I was talking to Emma about a piece I was writing for Undiagnosed Day.
‘Does it mention me? You know, you always tell me how well I’m doing?’
I laughed, and told her she was coping well with the whole ‘Alex thing’ but that this piece was more about how not having a diagnosis could be both a good and a bad thing, so it didn’t really talk about any of us in great detail.
‘Well, could I do a bit for it?’
‘Yes, but I might just put it up separately, if that’s ok?’
So this is Emma’s guest blog:
‘My bit’ by Emma
Being the sister of an diagnosed(*) child can be a bit weird because when people stop and say to mum ‘Why isn’t he walking?’ it makes me feel uncomfortable because you’re just torn between saying ‘If he could walk, he would’, or feeling quite embarrassed because he can’t do the stuff you can do.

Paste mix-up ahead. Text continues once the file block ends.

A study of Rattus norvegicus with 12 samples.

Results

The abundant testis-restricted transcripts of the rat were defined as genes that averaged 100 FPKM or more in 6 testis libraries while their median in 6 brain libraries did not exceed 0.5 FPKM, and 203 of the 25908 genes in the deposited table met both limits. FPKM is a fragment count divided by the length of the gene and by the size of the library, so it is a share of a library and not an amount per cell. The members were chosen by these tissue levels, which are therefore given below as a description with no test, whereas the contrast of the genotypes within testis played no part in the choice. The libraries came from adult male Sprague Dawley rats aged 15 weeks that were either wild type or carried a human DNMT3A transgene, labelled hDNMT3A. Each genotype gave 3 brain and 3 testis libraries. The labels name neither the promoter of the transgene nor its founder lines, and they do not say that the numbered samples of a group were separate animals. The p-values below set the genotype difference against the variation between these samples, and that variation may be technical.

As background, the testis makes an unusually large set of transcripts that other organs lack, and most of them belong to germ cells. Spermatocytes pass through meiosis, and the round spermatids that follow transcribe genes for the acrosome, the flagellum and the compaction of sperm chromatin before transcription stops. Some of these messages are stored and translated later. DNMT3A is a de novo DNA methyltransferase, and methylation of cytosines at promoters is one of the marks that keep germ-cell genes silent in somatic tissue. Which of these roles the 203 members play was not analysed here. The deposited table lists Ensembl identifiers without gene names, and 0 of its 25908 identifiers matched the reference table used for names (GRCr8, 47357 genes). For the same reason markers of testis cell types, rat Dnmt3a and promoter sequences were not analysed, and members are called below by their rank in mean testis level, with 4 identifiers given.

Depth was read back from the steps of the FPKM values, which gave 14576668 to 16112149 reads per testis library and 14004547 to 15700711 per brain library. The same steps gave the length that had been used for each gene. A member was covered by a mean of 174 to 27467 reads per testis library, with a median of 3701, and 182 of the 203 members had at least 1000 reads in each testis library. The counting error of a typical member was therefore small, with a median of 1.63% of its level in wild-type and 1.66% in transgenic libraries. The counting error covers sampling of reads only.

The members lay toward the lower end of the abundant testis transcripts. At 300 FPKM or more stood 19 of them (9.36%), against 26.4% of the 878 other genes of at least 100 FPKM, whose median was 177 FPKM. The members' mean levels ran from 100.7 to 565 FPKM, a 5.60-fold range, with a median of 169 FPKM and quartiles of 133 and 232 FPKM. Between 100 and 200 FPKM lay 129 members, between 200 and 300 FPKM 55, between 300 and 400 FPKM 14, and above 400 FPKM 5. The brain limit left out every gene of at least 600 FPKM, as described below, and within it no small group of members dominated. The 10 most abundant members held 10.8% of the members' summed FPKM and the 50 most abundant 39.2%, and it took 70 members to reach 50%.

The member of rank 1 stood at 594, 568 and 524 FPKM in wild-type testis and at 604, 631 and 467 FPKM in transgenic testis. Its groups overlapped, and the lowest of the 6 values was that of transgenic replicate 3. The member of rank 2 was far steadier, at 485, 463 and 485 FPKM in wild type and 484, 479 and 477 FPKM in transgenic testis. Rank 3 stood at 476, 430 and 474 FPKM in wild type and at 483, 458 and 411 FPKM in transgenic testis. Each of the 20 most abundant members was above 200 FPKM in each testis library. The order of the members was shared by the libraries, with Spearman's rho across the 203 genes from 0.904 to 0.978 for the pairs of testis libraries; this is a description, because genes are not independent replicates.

But a good thing is that you can play with them for longer, generally mess about with them for longer.
It’s true that diagnosed siblings will take up more of your parents attention space, but you have to remember that when your parents do spend time with you they’ll be doing stuff with you that they could never do with your sibling.
When your the sibling of a diagnosed child it can be stressful at times, but overall it’s brilliant.
I cried when I read this (and not just because I was desperate to correct her punctuation). It’s interesting what she notices in our day to day life with Alex, what sits in her head. But I’m glad she’s able to articulate how she feels so clearly, to write it all down.
*she means undiagnosed – here, and later on – but you knew that.